Our visualization research for this project is primarily focused on two primary topics: how to communicate the information being collected during a response event, and the current status of the project, to the general public, and how to best orient and collate all of the available data sources into a form that allows an operator to make an effective and data-driven assessment of objects discovered during response operations.

A mockup of a debris clean-up infographic Infographics: Our infographics are designed to let you examine the data that we're collecting as part of our Super Storm Sandy research in a more intuitive way. You can interact with the data, find out what we're doing in your area, and what information we have available to help you understand the current state of the Super Storm Sandy response. They also try to show you how we deal with the data here at CCOM so you can understand what we're trying to do with our research.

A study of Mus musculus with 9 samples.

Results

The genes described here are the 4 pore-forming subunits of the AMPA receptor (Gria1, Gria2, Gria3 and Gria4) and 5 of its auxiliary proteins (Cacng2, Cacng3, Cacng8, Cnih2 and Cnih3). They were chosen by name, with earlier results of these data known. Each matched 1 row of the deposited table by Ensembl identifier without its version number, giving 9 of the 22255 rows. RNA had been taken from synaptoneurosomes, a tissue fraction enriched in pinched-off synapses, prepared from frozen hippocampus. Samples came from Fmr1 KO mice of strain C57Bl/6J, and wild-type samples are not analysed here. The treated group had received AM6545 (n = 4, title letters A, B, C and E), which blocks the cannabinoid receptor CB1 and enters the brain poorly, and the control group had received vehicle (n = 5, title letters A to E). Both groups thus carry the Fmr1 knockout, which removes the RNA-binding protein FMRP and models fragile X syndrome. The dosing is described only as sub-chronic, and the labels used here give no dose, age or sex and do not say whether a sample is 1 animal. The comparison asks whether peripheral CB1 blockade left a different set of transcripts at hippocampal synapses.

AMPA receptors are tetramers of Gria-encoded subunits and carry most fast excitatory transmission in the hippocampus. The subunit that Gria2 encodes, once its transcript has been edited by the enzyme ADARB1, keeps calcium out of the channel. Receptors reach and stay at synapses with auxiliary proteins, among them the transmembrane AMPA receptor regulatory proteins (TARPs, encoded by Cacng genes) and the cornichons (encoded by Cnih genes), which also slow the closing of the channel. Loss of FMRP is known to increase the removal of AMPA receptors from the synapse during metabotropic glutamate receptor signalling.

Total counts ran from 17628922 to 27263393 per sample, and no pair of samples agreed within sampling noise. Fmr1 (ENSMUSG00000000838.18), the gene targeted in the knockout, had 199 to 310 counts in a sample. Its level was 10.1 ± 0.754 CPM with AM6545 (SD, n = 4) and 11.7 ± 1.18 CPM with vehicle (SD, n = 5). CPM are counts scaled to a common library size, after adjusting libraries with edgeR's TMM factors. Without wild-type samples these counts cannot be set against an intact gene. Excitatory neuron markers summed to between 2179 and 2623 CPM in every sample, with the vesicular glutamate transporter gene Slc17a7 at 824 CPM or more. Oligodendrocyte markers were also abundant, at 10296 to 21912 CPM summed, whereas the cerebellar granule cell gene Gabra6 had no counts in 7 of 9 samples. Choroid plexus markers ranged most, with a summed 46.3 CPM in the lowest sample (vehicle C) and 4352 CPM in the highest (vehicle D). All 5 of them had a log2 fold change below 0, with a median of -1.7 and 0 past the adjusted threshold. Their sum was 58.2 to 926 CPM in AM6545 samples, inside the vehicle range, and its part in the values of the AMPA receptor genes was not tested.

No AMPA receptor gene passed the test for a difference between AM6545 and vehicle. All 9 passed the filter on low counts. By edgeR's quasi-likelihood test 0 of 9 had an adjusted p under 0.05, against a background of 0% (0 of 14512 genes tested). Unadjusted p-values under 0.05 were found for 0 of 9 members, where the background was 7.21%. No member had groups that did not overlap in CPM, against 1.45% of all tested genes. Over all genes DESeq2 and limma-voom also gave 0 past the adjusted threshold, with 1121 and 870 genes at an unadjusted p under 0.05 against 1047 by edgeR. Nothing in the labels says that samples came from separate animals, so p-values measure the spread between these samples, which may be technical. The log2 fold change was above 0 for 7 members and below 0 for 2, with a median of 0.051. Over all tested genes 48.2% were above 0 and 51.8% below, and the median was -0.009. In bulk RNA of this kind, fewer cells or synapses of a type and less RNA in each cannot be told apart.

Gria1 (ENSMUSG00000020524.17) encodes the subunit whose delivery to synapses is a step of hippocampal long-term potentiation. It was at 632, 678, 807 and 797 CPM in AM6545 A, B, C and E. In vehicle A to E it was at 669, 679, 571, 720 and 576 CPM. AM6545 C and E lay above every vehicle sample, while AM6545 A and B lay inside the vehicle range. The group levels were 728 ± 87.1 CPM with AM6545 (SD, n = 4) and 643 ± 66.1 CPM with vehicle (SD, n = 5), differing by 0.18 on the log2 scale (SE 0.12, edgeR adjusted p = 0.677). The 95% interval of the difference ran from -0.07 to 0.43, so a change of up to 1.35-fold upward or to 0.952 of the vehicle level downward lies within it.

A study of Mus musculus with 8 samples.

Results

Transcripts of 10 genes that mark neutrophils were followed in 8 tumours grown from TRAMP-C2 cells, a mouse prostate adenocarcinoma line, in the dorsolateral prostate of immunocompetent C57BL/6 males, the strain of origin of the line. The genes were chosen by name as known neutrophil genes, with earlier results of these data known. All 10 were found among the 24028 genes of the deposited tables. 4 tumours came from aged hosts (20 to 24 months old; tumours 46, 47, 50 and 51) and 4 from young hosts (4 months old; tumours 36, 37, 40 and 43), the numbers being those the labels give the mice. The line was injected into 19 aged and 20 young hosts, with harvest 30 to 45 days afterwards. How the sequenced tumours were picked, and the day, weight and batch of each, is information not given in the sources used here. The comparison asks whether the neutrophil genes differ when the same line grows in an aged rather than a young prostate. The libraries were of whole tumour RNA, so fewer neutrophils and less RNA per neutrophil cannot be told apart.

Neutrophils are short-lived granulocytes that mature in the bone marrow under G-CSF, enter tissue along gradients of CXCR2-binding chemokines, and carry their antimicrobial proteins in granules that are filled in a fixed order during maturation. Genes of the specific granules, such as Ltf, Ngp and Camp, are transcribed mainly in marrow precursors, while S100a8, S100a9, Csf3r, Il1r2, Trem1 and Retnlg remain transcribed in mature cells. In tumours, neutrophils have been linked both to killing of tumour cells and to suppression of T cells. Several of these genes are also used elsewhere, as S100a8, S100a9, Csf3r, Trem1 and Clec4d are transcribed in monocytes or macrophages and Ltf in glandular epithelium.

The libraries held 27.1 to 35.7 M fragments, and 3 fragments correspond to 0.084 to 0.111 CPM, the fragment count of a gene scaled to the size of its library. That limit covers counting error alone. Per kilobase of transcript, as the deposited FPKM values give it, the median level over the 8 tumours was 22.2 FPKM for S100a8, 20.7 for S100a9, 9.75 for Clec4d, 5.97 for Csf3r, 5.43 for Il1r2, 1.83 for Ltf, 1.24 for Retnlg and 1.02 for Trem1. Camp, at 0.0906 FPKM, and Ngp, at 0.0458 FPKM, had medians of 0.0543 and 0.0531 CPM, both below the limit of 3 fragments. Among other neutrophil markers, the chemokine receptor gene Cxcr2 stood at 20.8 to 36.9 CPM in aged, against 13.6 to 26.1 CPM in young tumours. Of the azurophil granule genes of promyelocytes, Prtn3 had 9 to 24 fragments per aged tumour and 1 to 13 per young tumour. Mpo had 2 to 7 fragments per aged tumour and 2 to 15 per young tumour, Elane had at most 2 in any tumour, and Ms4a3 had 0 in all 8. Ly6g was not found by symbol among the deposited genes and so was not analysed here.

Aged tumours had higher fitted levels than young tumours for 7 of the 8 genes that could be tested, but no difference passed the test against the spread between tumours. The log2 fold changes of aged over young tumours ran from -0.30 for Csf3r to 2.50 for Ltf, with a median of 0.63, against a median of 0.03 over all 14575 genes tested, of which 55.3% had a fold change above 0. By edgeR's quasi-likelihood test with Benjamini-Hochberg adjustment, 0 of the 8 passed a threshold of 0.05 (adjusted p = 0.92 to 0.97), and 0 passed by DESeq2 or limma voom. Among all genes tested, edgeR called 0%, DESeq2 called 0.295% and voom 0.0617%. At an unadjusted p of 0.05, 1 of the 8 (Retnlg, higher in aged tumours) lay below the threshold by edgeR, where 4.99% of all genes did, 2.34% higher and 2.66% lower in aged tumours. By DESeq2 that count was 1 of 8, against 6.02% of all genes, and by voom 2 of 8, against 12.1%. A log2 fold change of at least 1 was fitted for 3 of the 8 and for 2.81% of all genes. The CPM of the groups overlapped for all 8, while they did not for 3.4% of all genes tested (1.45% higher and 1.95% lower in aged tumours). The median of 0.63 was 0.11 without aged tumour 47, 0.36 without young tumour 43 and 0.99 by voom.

An example of an orientation selection tool for object investigation Orientation Selection: One of the most difficult things to deal with when you're working with sonar and lidar data is to find the right way to look at your data: a lot of time is spent just looking at data and trying to work out what it shows so that we know what to do with it. Is that a bit of a house? Or is it a rock that's been there for a long time? Have a look at the version of the tools that we're building to help us here and see if they work for you!

Web Lens: Comparing two different datasets for the same area can be difficult. If you overlay them, one is obscured. If you put them side by side you have to track the same location in each image through optical landmarks. There are more specialized methods, but one simple option we're looking at is a 'Lens' where you can see an adjustable part of one image in the context of one or more others.